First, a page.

An exciting new project was launched on Friday by Environment Secretary Rosanna Cunningham, in which SNH has a leading role. Dynamic Coast is the first survey of its kind to track the changes to Scotland’s long and varied mobile coastline since the 1890s. It is set to revolutionise our understanding and approach to nature conservation along our coast.
This CREW-funded Scottish Government project was managed by SNH together with a research team from the University of Glasgow. One million data points were used to analyse over 2000 maps to create DynamicCoast.com, a website with 20 reports and a series of online maps. The project supports the public sector, but is also free to view by the public and businesses.
We’ve compared historic maps dating from the 1890s and 1970s against modern mapping, including updates with the latest surveys, to understand coastal changes to a level never achieved before.
The results show that the Scottish shoreline is 21,300 km long, but almost 20% is soft or erodible (3,800km), the equivalent of six times the distance from John O’Groats to the Mull of Kintyre. Of this soft coast, 77% has remained stable and 11% has grown seawards – or accreted, since the 1970s. However, some 12% has eroded landward, the equivalent distance of Edinburgh to John O’Groats.
If we compare changes since the 1970s against the historical baseline since the 1890s, a dramatic picture emerges. The extent of erosion has increased by 39% and accretion has fallen by 22%. Rates of erosion and accretion have also doubled, with the average national erosion rate now at 1.0m per year. If we project the recent increase in erosion into the future, we can see how economic and natural assets, currently protected by the beaches and dunes of the soft coast, may be at risk.
Some of the changes are spectacular and longstanding. The shingle bars at Culbin are growing at 20m a year and have been for millennia. The changes at St Andrews are also remarkable: the dunes have grown so much that almost a whole golf course has been built in land that was sea in 1890. But the positive story at St. Andrews has a catch – erosion now affects areas that have enjoyed growth in the past. Elsewhere, this is matched by rapid losses occurring along many of our large beach and sand dune systems (Montrose, Morrich More, Barry Links, Tentsmuir and in the Western Isles).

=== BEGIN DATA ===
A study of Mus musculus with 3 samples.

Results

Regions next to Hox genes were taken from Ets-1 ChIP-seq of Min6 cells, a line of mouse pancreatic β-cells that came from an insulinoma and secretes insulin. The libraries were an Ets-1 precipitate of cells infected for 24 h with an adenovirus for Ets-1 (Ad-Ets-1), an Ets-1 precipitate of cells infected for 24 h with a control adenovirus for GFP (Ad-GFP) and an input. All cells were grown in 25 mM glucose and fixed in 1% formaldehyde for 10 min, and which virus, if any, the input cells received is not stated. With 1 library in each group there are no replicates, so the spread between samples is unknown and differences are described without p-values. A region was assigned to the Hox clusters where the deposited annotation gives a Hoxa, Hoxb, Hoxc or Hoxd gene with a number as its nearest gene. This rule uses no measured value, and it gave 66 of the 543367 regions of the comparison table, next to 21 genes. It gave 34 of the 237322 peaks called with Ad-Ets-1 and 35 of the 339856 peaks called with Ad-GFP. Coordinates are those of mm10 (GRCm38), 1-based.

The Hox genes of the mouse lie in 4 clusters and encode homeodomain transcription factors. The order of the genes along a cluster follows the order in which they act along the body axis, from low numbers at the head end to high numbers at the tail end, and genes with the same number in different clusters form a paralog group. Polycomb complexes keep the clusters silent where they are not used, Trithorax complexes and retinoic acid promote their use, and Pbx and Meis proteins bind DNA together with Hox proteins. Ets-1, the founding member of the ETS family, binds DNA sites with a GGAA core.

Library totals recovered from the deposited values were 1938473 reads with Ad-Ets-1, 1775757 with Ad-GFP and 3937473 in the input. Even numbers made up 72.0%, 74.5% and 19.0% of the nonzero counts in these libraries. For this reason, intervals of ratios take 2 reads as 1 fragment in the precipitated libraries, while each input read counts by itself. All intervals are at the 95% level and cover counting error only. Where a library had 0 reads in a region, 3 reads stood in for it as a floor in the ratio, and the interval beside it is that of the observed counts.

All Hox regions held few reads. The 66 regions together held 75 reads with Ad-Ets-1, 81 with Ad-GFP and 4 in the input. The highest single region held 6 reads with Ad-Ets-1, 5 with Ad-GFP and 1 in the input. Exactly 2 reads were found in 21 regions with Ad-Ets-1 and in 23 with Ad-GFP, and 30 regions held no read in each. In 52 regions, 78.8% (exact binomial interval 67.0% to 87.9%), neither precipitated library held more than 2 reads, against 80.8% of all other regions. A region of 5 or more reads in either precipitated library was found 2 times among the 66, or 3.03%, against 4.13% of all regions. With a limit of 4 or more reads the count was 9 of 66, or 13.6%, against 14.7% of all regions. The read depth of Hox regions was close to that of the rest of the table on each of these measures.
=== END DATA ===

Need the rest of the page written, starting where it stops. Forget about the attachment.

Scotland’s northern, western and southern shores are generally more enclosed, with hard geology protecting and moderating the changes on adjacent soft coasts. However, the relatively open east coast of Scotland has seen dramatic increases in erosion. Of course, since this is our busier, more developed and more populated shore, its properties, roads and infrastructure are more exposed to coastal risk.
These changes are consistent with our expectations of climate change. Much of our coast has been experiencing sea level rise for decades: Aberdeen’s tide gauge shows sea level rise for the last 100 years. So, it isn’t surprising that the dynamic parts of the coast are reflecting these processes.
Where there is significant erosion, we have projected the recent rate forward to consider the future implications. While there are undoubted local differences and nuances, the message is surprisingly consistent: based on current erosion rates, all coastal cells have infrastructure that will be affected by erosion in the coming decades. And all asset types are at risk: buildings, road, rail, water supply, septic tanks, harbours, runways, cultural and natural heritage sites. Of course, projections can’t account for any future coastal defences (which have yet to be planned, funded or built), nor do they include any climate change-related factors such as unknown accelerations due to sea level rise. But we already see enough evidence to suggest that any calculation of our vulnerable assets at risk is likely to underestimate the extent, numbers and costs.
The assessment found that over 35,000 buildings are within 50m of the coast, with as many buildings lying behind natural defences such as beaches and dunes as behind engineered coastal defences. The proportion of coastal road and rail track protected by natural defences is even larger. These natural defences protect at least £13 billion worth of buildings and infrastructure, while at least £5 billion are behind engineered defences. So, nature is already protecting a huge amount of infrastructure; this suggests that if we are to cope with climate change, we need to help nature to help us.
The results beg questions about our perception of past and expected coastal erosion. Future projections put a mirror up to our past changes. Many of our habitats and species have lived with slow change for decades or hundreds of years, but the pace of change is now quickening. Darwin’s maxim is a salutary caution: ‘it is not the strongest that will survive, but those most able to cope with change’. Can we cope with the challenge society now faces at the coast? Certainly, perceptions need to change about the way we use the coast and we need to plan for a future that embraces adaptation as a key strategy. DynamicCoast.com allows us access to the reality of present coastal change and to change our perception of the future.
The need for adaptation is clear within the data and partnerships, but also when we consider the global picture. Countless communities around the world are facing up to the effects of rising sea levels, increased flooding and erosion. We should start to adapt where we can and start to appraise the future costs of protection where we can’t. But, in the process, let’s use the dynamism and resilience of our present natural coastal defences; they offer more value than we give them credit for.
Written by Alistair Rennie, Jim Hansom and James Fitton.